Compiled by reference specialists at the Library of Congress, this guide identifies key print and online resources for pursuing family history, as well as state, county and municipal historical research, for the state of Idaho.


George Wharton James, Alan H. Burgoyne, and Elmore Elliott Peake. Idaho. 1905. Library of Congress Geography & Maps Division.

The land we call Idaho was historically inhabited by the Shoshone and Nez Perce Native Americans, then claimed by Spain, France, Britain, and the U.S. It was part of the Oregon Territory, Washington Territory, Dakota Territory, and then Idaho Territory before statehood was granted in 1890.  The discovery of gold and silver spurred mining and immigration in the mid 19th century. Ethnic groups that immigrated to Idaho include Mormons, who sought religious freedom, Chinese, Japanese, Basque, Scandinavian and Welsh people, seeking wealth and land.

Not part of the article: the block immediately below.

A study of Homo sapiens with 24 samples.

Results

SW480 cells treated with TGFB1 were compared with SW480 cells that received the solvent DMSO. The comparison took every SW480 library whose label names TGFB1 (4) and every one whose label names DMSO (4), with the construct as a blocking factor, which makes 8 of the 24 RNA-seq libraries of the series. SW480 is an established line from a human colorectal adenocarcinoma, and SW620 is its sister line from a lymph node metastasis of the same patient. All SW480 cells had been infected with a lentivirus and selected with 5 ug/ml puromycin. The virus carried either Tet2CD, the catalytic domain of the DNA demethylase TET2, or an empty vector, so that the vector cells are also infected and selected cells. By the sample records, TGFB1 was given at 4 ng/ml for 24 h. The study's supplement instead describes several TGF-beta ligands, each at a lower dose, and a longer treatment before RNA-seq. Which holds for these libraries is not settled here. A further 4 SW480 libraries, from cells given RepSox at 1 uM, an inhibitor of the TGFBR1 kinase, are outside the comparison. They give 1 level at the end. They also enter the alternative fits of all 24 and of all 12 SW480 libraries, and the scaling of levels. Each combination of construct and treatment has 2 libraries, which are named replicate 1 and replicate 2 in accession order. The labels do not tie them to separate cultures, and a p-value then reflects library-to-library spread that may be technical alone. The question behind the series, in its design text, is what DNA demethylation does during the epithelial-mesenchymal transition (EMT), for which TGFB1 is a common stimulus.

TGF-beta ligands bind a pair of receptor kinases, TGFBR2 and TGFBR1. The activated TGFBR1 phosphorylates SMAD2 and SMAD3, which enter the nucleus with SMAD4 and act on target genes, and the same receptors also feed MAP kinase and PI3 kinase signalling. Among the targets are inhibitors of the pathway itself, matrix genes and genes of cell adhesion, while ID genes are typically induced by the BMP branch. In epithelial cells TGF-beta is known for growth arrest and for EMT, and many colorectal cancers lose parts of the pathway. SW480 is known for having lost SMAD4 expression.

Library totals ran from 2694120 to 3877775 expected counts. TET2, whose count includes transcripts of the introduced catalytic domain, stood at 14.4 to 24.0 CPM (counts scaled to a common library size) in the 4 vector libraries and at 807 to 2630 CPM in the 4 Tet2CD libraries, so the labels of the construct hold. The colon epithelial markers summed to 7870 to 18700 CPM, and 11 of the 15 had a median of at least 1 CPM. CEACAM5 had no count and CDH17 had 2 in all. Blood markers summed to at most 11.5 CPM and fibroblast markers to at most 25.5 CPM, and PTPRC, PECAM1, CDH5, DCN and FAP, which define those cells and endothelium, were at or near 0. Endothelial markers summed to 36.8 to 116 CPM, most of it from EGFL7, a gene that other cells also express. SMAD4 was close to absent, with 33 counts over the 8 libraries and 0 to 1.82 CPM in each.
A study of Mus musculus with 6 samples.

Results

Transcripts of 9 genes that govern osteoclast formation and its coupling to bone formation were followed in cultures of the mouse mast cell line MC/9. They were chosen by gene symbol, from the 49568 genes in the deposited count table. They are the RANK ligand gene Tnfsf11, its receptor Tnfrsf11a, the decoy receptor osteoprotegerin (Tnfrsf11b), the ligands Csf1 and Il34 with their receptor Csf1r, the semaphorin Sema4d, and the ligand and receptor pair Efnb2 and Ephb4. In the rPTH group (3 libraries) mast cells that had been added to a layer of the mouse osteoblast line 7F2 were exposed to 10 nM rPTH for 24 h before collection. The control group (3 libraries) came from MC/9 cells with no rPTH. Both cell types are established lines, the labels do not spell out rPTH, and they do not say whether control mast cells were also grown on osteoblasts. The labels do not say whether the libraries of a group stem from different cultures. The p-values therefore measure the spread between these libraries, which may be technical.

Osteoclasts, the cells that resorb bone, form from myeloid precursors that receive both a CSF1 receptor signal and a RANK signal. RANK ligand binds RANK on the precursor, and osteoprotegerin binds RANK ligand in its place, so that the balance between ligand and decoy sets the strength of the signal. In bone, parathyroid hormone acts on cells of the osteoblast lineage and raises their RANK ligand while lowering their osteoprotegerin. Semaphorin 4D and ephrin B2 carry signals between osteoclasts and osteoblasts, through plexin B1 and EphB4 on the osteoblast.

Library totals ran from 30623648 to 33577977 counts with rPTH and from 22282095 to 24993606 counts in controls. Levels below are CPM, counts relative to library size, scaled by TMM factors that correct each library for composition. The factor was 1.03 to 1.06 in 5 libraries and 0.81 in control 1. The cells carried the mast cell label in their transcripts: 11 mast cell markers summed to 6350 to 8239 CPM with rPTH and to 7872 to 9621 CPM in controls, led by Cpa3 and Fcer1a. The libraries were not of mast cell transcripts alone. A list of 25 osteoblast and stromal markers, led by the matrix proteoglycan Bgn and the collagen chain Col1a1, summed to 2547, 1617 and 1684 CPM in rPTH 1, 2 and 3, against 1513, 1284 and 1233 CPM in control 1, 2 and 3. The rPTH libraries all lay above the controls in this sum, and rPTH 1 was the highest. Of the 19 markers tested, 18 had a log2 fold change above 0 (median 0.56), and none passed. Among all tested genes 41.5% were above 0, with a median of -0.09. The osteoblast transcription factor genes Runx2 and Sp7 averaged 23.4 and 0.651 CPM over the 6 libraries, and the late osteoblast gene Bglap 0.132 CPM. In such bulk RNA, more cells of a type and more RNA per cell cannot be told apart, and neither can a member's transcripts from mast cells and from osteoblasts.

This guide offers a selection of resources and strategies for Idaho local history and genealogy research. These include the print and digital collections of the Library of Congress, as well as external repositories and web sites key to finding forebears in the Gem State.

About Local History & Genealogy Reference Services

The Library of Congress has one of the world's premier collections of U.S. and foreign genealogical and local historical publications, numbering more than 50,000 compiled family histories and over 100,000 U.S. local histories. The Library's genealogy collection began as early as 1815 with the purchase of Thomas Jefferson's library.